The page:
The plaintiff in a pelvic mesh lawsuit, who wanted evidence of her murder conviction kept out of her case against Boston Scientific (NYSE:BSX), dropped the suit last week.
Ramona Winebarger, who in 1995 pleaded guilty to murder in the death of her 1st husband and the shooting of another man, withdrew her suit Sept. 17, according to court documents. Winebarger served 8 years of a 35-year sentence. Earlier this month she lost a bid to quash a Boston Scientific subpoena seeking her employment records, according to court filings.
After suing Boston Scientific in November 2013, Winebarger and 2nd husband Rex Winebarger asked Judge Richard Voorhees of the U.S. District Court for Western North Carolina to exclude evidence of her murder conviction, and another charge of giving a false statement. The Winebargers contended that the statute of limitations and the fact that both events stemmed from “a domestic violence situation” makes the evidence inadmissible.
Marlborough, Mass.-based Boston Scientific argued that Voorhees should allow the evidence, saying it goes toward her claim to have suffered mental anguish from the implantation of its Uphold vaginal support device in 2010.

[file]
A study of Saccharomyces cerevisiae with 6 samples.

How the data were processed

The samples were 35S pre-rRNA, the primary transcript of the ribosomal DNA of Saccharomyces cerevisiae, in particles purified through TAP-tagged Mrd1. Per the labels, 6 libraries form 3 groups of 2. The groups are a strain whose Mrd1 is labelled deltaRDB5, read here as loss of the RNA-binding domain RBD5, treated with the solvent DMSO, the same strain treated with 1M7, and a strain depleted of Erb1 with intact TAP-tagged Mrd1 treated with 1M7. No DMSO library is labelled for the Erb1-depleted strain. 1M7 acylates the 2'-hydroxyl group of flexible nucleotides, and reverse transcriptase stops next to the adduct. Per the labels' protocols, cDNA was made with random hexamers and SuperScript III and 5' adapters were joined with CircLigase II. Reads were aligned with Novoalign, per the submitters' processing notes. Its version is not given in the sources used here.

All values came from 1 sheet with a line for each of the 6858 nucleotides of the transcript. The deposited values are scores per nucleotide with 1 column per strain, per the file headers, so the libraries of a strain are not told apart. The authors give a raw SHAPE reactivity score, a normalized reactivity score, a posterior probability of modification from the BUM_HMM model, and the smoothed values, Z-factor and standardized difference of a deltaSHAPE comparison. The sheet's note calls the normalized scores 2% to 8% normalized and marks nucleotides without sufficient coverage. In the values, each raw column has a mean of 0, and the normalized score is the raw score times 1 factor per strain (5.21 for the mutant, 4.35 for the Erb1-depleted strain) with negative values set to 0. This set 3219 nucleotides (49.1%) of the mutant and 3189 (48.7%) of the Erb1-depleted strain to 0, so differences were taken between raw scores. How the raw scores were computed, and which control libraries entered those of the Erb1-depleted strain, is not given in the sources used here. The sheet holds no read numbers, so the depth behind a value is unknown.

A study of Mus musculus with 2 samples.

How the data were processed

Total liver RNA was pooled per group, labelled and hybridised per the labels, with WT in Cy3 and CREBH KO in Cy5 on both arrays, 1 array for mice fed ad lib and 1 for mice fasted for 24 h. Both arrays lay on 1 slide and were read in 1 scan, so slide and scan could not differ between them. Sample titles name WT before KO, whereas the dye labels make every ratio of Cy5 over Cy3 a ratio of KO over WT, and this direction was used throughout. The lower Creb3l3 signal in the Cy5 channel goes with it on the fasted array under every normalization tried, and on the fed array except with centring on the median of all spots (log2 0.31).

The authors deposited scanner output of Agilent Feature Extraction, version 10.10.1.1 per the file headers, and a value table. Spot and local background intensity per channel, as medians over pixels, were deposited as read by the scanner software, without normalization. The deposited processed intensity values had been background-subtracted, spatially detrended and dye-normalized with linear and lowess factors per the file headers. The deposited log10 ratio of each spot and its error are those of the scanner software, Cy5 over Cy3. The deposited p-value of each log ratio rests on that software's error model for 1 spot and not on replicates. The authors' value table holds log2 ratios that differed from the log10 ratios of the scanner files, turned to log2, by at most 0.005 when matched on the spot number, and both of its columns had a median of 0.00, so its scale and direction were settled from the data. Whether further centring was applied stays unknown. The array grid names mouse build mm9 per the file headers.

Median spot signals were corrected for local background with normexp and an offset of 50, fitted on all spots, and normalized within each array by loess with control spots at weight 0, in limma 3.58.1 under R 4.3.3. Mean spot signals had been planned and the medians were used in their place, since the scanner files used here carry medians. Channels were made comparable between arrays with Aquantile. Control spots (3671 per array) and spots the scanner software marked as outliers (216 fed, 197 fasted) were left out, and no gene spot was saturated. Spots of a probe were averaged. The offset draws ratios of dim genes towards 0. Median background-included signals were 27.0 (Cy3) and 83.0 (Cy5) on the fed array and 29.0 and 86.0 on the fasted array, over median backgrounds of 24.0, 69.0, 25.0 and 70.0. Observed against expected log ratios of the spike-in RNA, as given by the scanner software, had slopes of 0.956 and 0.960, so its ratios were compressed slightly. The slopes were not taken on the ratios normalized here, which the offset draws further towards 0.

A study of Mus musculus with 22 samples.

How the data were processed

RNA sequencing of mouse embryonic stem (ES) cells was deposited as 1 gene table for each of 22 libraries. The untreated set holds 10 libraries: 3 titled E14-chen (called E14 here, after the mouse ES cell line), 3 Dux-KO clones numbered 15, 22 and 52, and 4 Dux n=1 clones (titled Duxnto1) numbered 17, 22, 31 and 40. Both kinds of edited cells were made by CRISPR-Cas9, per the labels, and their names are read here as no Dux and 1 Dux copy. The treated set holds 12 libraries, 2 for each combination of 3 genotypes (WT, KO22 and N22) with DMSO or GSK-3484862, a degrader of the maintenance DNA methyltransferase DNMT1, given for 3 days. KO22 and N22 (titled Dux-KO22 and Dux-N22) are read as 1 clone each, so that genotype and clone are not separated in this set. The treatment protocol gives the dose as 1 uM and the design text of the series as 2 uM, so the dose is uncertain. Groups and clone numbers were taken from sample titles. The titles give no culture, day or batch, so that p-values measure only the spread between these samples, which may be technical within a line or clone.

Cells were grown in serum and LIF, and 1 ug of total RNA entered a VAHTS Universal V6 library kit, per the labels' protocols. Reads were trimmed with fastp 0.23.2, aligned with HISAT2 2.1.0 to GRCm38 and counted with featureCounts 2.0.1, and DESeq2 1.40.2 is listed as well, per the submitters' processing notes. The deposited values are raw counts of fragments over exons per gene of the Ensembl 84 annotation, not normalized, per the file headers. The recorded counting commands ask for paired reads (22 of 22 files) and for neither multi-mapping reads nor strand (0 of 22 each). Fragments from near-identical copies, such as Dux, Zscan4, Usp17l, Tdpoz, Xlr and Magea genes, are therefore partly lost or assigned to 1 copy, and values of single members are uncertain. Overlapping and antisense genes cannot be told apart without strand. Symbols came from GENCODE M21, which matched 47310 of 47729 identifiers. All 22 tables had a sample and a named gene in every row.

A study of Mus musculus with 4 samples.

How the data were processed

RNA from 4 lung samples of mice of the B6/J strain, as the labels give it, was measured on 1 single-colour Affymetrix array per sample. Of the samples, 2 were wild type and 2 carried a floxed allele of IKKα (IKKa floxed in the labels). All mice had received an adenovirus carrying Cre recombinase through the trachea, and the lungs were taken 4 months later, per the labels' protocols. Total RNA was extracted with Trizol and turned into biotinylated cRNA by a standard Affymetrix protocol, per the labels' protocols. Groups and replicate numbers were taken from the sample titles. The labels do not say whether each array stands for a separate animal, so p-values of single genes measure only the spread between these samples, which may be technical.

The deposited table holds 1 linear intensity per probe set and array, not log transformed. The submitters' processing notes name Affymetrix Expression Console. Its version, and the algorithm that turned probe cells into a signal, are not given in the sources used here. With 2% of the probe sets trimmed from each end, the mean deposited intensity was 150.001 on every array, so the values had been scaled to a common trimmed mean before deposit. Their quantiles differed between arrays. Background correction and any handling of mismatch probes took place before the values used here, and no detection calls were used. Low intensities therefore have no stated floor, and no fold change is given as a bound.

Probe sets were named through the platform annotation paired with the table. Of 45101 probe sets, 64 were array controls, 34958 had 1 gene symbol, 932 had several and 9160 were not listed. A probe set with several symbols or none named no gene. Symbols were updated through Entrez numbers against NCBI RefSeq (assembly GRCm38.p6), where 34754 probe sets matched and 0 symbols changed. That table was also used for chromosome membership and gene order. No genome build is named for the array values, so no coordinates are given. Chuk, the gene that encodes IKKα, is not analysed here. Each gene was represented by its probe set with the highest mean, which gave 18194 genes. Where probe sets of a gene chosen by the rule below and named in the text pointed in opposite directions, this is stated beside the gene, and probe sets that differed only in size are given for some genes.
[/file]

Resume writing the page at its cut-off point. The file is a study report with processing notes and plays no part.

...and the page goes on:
“Mrs. Winebarger’s medical records, however, establish a long history of anxiety, depression, and flashbacks unrelated to her 2010 surgery. Mrs. Winebarger’s emotional history – which is necessarily intertwined with her criminal record – is directly relevant to her claimed damages,” the company argued. “Moreover, this evidence is also relevant to Mr. Winebarger’s claim for loss of consortium. Boston Scientific does not seek to impeach Mrs. Winebarger’s character for truthfulness – but rather to rebut her claim for damages.”
Boston Scientific also argued that the domestic violence claim calls her credibility into play, as it contradicts her 1995 confession in which she admitted to lying in wait at her 1st husband’s friend’s house before shooting him and wounding the friend.
“Mrs. Winebarger’s current claim that her convictions stemmed from a ‘domestic violence situation’ contradicts her earlier admission that she lied in wait for her husband and ‘had been planning [his murder] all day,'” the company contended in an August 25 court filing.